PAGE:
GO THE DISTANCE: Big Bend Paddling Trail
Located on the Gulf of Mexico between the St. Marks River lighthouse and the Suwannee River, this 105-mile route was the state's first attempt to service long-distance sea kayakers. With well-marked primitive campsites located a day's paddle apart, Big Bend Paddling Trail is the best place to try your first overnight expedition. So named because it is here that the Florida Panhandle takes a hard right and heads south, this stretch of coast has always been a wild and lawless place. In the early 19th century, Seminole Indians and renegade slaves sought refuge along the Aucilla and Econfina rivers. During Prohibition, rum runners brought their wares up the Steinhatchee, located a few miles south. In the 1970s, smugglers hauling bales of marijuana, a.k.a. "square grouper," also found this desolate stretch of coastline useful. There are few roads and even fewer towns. The shoreline is exposed to the open waters of the Gulf of Mexico, and the shallow, sometimes placid waters can easily churn themselves into a deadly chop without much notice. Kayakers need to be self-sufficient and prepared for anything. And remember: Pack out what you packed in. Leave your campsite cleaner than you found it. As the saying goes, "Take only photographs; leave only footprints."
SEE COWS: Manatees on the move
Boaters and anglers should keep an eye out for manatees on the move to warmer waters. All it takes is one good cold front to send these marine mammals swimming in search of their winter refuges, such as freshwater springs or canals near power plants. Event though an adult manatee may look a little blubbery and weigh up to 1,000 pounds, it is still susceptible to cold. Water temperatures of 68 degrees or lower can be harmful, and prolonged exposure may even cause death. That's why in many areas of the state, seasonal manatee protection zones go into effect on Nov. 15. As a result, state law enforcement officers with the Florida Fish and Wildlife Conservation Commission are asking boaters to be vigilant about manatees on the move and cognizant of slow speed zones. Because of the seasonal migration, November has been designated Manatee Awareness Month. Boaters should post a lookout to scan the water for telltale signs of a manatee, such as repetitive swirl patterns, called a manatee footprint, a mud trail or a snout or fluke breaking the water's surface. Other steps boaters may take to ensure a safe manatee migration include keeping to marked channels, wearing polarized sunglasses to improve vision, obeying posted boat speed zones and using poles, paddles or trolling motors when traveling close to manatees. People can report sightings of injured, sick or dead manatees to the FWC's Wildlife Alert Hotline at toll-free 1-888-404-3922, #FWC and *FWC on a cellphone, or with a text to Tip@MyFWC.com.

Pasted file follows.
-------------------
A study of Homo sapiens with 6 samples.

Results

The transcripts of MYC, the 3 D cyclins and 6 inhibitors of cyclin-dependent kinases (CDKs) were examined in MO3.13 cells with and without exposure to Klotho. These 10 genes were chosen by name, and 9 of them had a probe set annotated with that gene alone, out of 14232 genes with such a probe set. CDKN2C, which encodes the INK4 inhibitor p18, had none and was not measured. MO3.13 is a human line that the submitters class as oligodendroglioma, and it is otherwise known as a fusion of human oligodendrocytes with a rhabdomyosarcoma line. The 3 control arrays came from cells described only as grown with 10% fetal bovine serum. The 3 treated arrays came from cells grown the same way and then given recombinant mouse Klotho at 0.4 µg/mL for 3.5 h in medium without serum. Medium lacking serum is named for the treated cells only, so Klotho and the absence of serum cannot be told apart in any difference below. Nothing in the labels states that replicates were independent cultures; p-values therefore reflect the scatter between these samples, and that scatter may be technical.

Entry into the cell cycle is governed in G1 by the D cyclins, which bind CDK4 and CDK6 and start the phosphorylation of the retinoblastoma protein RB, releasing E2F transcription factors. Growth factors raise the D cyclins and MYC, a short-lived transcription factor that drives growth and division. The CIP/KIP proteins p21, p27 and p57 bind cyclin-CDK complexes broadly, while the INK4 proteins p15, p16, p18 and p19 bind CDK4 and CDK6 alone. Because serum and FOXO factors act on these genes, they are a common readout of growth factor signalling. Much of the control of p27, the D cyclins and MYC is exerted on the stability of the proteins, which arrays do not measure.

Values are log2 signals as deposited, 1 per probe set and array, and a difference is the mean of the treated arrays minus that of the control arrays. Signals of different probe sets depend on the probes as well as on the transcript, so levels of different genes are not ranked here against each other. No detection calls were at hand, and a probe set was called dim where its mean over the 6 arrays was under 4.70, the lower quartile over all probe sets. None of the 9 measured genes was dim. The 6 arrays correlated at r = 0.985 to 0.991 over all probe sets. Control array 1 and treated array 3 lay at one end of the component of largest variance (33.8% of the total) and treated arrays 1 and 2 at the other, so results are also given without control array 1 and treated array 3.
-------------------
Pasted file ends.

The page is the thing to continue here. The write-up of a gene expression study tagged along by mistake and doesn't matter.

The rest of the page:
CAST A LINE: King of the Beach
For more than 20 years, the Old Salt Fishing Foundation has held what has become the premier tournament for weekend warriors on Florida's Gulf Coast. There are other high-dollar events geared toward the professional kingfish teams, but none draws the "everyman" like the King of the Beach. King mackerel is considered one of the Gulf of Mexico's most valuable resources. This migratory species, found in the western Atlantic Ocean from Maine to Rio de Janeiro and throughout the Gulf of Mexico, spends the summer months fattening up in the rich waters off the Florida Panhandle. But as soon as the water temperature drops, big schools of kingfish head down the coast and along local beaches on their way to their wintering grounds off the Florida Keys. Local anglers can almost set their clocks to the migration. When daylight saving time kicks in, you know the kings can't be far behind. The Old Salts, a fishing club that counts everybody from seasoned veterans to those new to the sport, has so much fun at the fall KOB that it holds another tournament in the spring when the kings head back north. The 22st Annual Fall King of the Beach & Mad Beach Food Fest runs Friday through Saturday at 200 Rex Place, Madeira Beach. Check out the Food Fest and live music from 5 to 10 p.m. Friday and the Weigh-in and Food Fest from 2 to 10 p.m. on Saturday. oldsaltfishing.org.
HELP OUT: Save our Seabirds
Next time you head south over the bridge, swing by Save Our Seabirds in Sarasota where your admission will help rescue and rehabilitate injured wild birds. More than 150 birds that were unable to return to the wild now make their home in the Wild Bird Learning Center. Save Our Seabirds is next to Mote Marine Aquarium at 1708 Ken Thompson Parkway. The Wild Bird Learning Center is open from 10 a.m. to 5 p.m. daily. $10 for adults and $6 for children ages 4 to 12.